Mitt Romney became the de facto Republican nominee at the end of March, after he dispatched Rick Santorum in Illinois’ primary. Romney’s rivals were just too weak to catch him. But the political press corps had to write about something. And so, a month ago, the Veepstakes began. Republicans close to the candidate talk about whom he might pick. Republicans nowhere near close to him speculate about it and get on TV anyway. Pollsters go into the field and ask voters whom they want, as if these voters had any idea who the junior senator from Ohio was.
It’s an agonizingly dull process, so we’ll try to make it bearable. Below, you can see word clouds of all the terms, tropes, and clichés used to describe the 11 people most often named as possible vice presidential picks. The words were pulled from articles about the ’stakes that ran from March 28—when the endorsements started to roll in—to this week.
Anna Weaver did the trawling, and Chris Kirk did the clouding.
Kelly Ayotte: The junior senator from New Hampshire won her first election, ever, in 2010—an unexpectedly brutal primary followed by an easy general election win during the GOP wave. But she’s female, and she endorsed Romney early, so she makes the media long-list.
Chris Christie: So, where’s fat? The veep-watchers have found euphemisms to describe the fact that New Jersey’s governor overpowers his enemies and that he said he couldn’t handle a presidential race of his own. Reluctant explodes across the screen even though Christie’s said he’d be open to serving Romney.
Mitch Daniels: Indiana Gov. Daniels always ranks high, if only because he was the last, most credible “savior” of the GOP when it was trying to avoid picking Romney.
Nikki Haley: Christianity and Sikh make frequent appearances as reporters explain that the rookie South Carolina’s governor naturally follows that first, more popular faith.
Bob McDonnell: Nearly every story about Gov. McDonnell mentions the problem that Virginia Republicans put in his lap: the mandatory ultrasound bill. Although he eventually signed a compromised version, the controversy seems to have stuck.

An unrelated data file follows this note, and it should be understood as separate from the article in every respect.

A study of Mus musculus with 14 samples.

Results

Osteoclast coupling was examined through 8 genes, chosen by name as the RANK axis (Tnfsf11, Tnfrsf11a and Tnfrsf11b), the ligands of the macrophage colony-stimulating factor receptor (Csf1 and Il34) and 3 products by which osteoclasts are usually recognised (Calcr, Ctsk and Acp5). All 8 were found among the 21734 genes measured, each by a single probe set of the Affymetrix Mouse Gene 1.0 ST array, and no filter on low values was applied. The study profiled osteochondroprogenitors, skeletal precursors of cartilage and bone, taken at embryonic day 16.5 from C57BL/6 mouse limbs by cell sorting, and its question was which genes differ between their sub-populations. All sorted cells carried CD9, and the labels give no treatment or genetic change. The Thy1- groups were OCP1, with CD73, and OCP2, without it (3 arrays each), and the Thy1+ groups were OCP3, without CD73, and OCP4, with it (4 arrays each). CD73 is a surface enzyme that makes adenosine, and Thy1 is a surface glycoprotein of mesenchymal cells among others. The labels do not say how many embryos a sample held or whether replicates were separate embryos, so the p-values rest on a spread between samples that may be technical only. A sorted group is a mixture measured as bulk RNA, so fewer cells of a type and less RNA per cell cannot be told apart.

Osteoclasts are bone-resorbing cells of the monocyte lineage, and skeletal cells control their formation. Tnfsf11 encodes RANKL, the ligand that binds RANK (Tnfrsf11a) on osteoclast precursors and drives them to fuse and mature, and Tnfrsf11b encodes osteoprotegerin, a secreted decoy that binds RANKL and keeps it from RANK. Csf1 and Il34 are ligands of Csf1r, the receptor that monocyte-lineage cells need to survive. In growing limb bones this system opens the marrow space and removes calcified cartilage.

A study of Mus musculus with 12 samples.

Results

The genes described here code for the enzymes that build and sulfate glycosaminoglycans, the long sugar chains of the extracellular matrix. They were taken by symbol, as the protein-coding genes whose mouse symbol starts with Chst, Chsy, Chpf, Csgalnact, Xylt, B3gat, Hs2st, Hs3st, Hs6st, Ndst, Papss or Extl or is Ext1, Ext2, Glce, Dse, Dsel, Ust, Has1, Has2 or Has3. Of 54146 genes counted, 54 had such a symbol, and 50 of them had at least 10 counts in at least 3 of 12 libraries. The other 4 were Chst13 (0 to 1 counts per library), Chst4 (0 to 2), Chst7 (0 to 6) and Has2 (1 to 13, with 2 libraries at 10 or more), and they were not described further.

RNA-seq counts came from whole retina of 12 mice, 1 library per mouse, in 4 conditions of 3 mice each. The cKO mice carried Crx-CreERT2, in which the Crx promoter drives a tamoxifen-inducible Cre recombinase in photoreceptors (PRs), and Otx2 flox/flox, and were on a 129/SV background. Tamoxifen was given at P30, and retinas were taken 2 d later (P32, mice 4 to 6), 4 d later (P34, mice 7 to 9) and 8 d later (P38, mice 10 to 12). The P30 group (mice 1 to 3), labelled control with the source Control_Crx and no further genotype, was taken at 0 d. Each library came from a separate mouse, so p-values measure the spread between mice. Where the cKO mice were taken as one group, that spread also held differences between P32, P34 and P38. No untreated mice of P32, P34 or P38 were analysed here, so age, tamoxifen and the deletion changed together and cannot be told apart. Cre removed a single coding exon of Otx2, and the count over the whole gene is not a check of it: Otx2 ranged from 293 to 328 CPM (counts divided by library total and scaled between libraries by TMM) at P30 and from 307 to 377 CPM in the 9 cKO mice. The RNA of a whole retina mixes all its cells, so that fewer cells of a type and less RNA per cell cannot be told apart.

Tim Pawlenty: He’s been mentioned as a place-holding veep for so long that reporters keep circling around the only interesting thing the former Minnesota governor once said, back in 2006: That the GOP should be the party of Sam’s Club, not the country club.
Rob Portman: The Ohio senator served in George W. Bush’s administration, which mostly cuts against him. That fact appears high in Portman stories.
Condoleezza Rice: She has ruled out ever taking the job, repeatedly, but when Republicans are polled, they drop her name. No other female candidate for the job has any foreign policy cred, so that’s what the media leads with.
Paul Ryan: The press has figured out that hugging Ryan’s budget gave Romney credibility with the right. And it has to quote the Democrats who say they’ll hang Ryan’s Medicare plan on Romney, whether or not he makes the ticket.
Marco Rubio: Nearly every story about the young senator from Florida asks whether he could close the GOP’s gap with Hispanic voters. Stories about Rubio’s childhood membership in the LDS church and his (probably innocent) fib about his family fleeing Castro rarely get mentioned.
John Thune: The South Dakota senator has been tipped for greatness ever since he beat Tom Daschle in 2004. And yet veepstakes stories don’t go into great depth on his accomplishments. They point out that he, uh, couldn’t hurt.
Sources: ABC News, CBS News, NBC News, MSNBC, CNN, Fox News, Time, Newsweek (and the Daily Beast), the New York Times, the Washington Post, National Journal, The Atlantic, and Politico.